Image credit: City of Wolverhampton Council

City of Wolverhampton Council's taxi licensing and compliance officers are intensifying efforts to eliminate the use of illegal ‘Ghost’ number plates used by licensed vehicles across the UK.


These infra-red (IR) reflective plates, often referred to as '3D', '4D', or 'ghost' plates, become invisible to IR cameras, which poses a challenge for law enforcement.

These problematic plates prevent detection by speed, bus lane, and low emission zone cameras, thereby constituting an offence under the Road Vehicles (Display of Registration Marks) Regulations 2001. It is strictly illegal to modify the characters or to apply materials that make the plates retroreflective.


A comprehensive operation recently conducted across several regions, including Wolverhampton and Birmingham city centres, Manchester Airport, and Central London, led to the inspection of over 80 vehicles. This initiative, in partnership with Transport for London and local police forces, identified several vehicles with these illegal plates. One notable incident involved a vehicle tested with an IR camera and found to have an illicit reflective front plate.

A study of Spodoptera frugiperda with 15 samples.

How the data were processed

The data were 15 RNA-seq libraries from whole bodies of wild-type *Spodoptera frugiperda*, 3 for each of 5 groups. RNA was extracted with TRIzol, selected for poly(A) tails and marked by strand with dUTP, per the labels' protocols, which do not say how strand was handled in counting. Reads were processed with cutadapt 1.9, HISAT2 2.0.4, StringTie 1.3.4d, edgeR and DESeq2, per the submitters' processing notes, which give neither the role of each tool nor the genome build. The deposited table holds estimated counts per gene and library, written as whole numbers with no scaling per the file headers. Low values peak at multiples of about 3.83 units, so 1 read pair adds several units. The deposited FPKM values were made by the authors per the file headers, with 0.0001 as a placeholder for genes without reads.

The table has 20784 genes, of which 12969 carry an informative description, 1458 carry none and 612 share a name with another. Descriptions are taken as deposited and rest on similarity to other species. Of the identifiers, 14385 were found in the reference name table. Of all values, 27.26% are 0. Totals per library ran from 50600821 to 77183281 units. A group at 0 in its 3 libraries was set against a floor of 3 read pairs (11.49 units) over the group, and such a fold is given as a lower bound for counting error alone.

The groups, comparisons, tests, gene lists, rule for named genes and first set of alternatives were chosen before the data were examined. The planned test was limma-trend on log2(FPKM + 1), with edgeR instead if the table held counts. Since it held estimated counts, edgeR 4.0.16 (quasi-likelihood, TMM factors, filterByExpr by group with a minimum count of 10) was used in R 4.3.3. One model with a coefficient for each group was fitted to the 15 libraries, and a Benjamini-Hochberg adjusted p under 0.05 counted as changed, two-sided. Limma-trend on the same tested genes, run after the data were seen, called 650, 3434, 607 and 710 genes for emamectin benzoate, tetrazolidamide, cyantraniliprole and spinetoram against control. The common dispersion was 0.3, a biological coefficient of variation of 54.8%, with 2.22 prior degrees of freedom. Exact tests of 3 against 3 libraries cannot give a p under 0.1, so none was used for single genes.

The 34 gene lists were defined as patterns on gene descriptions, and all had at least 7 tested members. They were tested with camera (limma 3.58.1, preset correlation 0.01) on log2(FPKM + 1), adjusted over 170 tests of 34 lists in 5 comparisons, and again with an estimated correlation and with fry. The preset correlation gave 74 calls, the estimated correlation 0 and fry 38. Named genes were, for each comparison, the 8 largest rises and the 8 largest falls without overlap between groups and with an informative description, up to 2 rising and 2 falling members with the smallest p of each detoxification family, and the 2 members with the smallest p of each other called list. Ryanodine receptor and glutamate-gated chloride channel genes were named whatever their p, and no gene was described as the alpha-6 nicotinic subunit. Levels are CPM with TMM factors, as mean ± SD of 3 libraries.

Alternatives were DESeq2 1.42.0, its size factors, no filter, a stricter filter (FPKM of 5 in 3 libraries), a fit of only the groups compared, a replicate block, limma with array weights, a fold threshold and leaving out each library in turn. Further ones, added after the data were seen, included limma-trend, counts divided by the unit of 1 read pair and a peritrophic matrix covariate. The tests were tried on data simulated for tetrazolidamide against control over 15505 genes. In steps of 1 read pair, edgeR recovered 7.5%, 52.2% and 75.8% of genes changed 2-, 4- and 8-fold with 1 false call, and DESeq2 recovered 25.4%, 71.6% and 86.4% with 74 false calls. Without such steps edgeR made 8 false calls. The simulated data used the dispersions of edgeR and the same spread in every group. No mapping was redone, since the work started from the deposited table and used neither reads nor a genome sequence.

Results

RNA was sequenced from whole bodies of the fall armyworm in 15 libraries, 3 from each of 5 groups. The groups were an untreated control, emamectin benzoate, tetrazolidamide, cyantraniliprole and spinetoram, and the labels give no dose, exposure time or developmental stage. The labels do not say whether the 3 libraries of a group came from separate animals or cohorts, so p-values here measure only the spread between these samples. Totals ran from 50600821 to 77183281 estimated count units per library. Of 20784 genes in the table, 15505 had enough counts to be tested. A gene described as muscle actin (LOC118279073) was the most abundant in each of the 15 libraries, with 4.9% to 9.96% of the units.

This national effort was inspired by collaborative work between West Midlands Police and the Council, which involved piloting the use of these cameras. This pilot identified a private hire vehicle equipped with ghost plates, resulting in a £100 Penalty Charge Notice issued to the driver by the police.

To bolster ongoing operations, specialist cameras have been acquired for each compliance team. In February and March alone, an additional ten notices were issued to drivers with problematic plates during routine checks and patrols.


The crackdown provides a clear signal that authorities are taking a no-tolerance approach to any attempts to evade detection by using illegal modifications. Taxi drivers and private hire vehicle operators are being advised to comply with the regulations to avoid penalties and enforcement actions.


Councillor Craig Collingswood, Cabinet Member for Environment and Climate Change, said: "Wolverhampton is leading the way as the first council investing in this state of the art technology to deter and detect offenders. 


“Bus lanes are essential for the public transport network to operate efficiently and speed cameras help to keep the public safe from speeding vehicles and reduce the likelihood of a crash. 


“All motorists can expect to pay a fine if found to be using these illegal methods to avoid cameras and taxi drivers licensed by Wolverhampton may have their licence suspended or revoked."